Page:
Angus was sitting in his usual spot in the Brief Bag, looking sad.
“I know,” said Beth Golden, touching his shoulder as she sat down next to him. “I feel it too.”
Flash McGruder drifted in, carrying his soft-bound copies of McElhaney’s Trial Notebook and McElhaney’s Litigation, dog-eared and filled with marked yellow sticky notes and a few pastel page flags.
“He really was one of a kind,” said Flash, “the original anti-law professor.”
“I think so too,” said Judge Wallop, “what a remarkable guy. But why do you say ‘anti-law’? He was a law school professor for almost forty years, the first trial advocacy teacher to hold an endowed chair, and the most influential trial-practice writer and lecturer in the country for what seems like forever.”
“Here’s what he means, Judge,” said Beth. “Law schools pride themselves in teaching us to think like lawyers, but Jim always reminded us to talk like humans. He knew that trial advocacy is grounded in being heard and understood, and that law school educations lead us to speak in legal jargon rather than in simple English.”
“He also knew something else,” said Flash, “that while we want to become better trial lawyers and we can learn to do so, we shouldn’t chase some glamorized image of what a trial lawyer might look like or sound like. Jim understood that though we strive to be good courtroom lawyers, we’re people, not polished Hollywood actors. We’re different and unique, with our individual strengths and styles.”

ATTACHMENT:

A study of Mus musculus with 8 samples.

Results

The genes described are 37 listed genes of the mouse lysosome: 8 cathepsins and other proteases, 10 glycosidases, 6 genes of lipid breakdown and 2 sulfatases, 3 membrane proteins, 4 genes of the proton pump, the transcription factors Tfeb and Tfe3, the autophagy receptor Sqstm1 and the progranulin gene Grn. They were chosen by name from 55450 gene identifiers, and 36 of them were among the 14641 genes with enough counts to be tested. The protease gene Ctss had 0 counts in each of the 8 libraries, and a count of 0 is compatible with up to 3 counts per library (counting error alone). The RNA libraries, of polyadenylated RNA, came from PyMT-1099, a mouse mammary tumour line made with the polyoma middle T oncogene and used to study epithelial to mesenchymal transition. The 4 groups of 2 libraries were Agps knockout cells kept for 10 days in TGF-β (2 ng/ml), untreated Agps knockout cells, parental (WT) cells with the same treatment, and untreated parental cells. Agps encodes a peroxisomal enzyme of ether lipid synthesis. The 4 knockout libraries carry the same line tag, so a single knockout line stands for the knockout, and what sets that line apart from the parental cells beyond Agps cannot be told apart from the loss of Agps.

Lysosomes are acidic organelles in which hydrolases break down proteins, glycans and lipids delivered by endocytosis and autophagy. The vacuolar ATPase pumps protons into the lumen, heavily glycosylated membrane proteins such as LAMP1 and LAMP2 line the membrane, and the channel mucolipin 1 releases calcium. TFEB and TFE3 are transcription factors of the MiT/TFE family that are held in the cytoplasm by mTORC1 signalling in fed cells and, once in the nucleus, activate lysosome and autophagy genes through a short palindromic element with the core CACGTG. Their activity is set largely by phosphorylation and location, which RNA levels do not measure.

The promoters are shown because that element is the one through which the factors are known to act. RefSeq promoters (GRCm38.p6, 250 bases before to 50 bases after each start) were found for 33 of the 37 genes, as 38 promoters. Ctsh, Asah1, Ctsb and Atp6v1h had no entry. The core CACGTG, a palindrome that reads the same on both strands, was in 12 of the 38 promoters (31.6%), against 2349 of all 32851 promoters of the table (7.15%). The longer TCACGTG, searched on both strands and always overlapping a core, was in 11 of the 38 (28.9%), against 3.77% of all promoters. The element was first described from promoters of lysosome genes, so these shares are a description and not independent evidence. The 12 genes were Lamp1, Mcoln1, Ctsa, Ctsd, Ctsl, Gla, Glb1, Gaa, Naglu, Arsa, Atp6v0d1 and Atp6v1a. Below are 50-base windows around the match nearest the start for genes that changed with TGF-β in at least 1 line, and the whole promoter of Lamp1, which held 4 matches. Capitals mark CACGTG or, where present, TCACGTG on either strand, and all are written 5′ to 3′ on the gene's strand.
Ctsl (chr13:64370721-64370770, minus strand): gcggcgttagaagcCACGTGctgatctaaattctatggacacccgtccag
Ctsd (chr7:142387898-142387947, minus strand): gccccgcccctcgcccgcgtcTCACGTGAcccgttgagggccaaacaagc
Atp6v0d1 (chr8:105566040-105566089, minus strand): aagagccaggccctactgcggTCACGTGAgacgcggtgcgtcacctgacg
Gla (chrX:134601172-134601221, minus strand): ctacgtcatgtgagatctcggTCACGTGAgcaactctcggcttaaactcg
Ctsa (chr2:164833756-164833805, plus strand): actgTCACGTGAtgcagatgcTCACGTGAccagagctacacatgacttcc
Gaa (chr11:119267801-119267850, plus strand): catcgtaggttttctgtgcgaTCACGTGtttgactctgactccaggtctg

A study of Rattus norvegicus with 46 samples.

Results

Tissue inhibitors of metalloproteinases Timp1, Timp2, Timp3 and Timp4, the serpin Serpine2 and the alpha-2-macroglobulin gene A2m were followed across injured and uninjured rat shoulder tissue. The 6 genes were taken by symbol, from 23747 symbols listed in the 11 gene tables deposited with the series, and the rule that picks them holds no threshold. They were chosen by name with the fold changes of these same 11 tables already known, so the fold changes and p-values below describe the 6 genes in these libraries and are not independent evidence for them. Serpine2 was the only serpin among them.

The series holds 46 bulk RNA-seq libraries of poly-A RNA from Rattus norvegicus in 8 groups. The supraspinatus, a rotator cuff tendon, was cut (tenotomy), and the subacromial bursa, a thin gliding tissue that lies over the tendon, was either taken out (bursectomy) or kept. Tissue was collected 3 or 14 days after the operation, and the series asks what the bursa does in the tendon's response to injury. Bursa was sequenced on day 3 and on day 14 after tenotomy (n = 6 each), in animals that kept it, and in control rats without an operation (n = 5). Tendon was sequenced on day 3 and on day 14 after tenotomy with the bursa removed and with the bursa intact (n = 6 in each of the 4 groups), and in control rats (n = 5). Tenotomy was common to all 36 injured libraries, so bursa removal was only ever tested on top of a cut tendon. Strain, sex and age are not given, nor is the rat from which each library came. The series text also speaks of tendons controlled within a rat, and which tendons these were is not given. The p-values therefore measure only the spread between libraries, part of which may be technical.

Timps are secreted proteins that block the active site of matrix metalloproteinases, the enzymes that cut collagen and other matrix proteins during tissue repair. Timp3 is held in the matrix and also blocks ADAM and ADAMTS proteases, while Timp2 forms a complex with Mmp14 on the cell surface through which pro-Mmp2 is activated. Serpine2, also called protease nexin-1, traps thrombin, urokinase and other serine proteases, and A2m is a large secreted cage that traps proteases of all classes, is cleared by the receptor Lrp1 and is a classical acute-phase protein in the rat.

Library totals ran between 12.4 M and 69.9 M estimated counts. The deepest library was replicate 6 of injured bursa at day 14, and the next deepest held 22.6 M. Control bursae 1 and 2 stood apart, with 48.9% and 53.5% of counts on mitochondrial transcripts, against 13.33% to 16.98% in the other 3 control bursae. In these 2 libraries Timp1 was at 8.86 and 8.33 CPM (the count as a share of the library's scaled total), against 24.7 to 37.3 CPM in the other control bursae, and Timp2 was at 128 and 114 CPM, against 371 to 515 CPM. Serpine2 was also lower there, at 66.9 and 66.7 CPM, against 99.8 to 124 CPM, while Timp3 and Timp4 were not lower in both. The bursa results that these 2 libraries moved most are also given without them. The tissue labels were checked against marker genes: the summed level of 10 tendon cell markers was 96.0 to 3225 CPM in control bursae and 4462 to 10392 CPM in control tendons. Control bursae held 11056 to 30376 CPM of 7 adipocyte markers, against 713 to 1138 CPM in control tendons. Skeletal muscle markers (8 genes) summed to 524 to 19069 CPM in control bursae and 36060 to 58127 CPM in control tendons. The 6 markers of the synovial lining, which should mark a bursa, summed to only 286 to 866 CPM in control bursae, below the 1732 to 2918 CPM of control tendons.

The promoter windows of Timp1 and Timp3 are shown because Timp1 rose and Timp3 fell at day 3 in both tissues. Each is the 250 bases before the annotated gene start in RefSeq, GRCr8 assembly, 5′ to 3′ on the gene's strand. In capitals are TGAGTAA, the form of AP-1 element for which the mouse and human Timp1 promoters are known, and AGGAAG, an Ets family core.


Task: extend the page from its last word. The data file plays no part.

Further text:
“Oh, that’s surely true,” said Angus, flipping through Flash’s volumes of the McElhaney books. “Another thing that made him the anti-law professor is that instead of teaching us from law books, he often collected stories and suggestions from trial lawyers around the country and shaped them into lessons for all of us. He did it in his writings and he did it in his talks. Jim made it so enjoyable for us to learn, and he seemed untroubled that many of the specific ideas he shared didn’t come from him.”
“You’re right,” said Beth. “His essays are loaded with other people’s insights. But, Jim put them together in a way that made them fun to read and easy to learn from.”
“Jim McElhaney was the best teacher, mentor, and friend any trial lawyer could have had,” said Flash. “I miss him already.”
“So do I,” said Angus. “But these essays he wrote are timeless. They work today just as much as they did when he wrote them. Skimming through them while we talk, I feel as though he’s still right here with us, guiding us and cheering us on.”
“He is,” said Judge Wallop. “He definitely is.”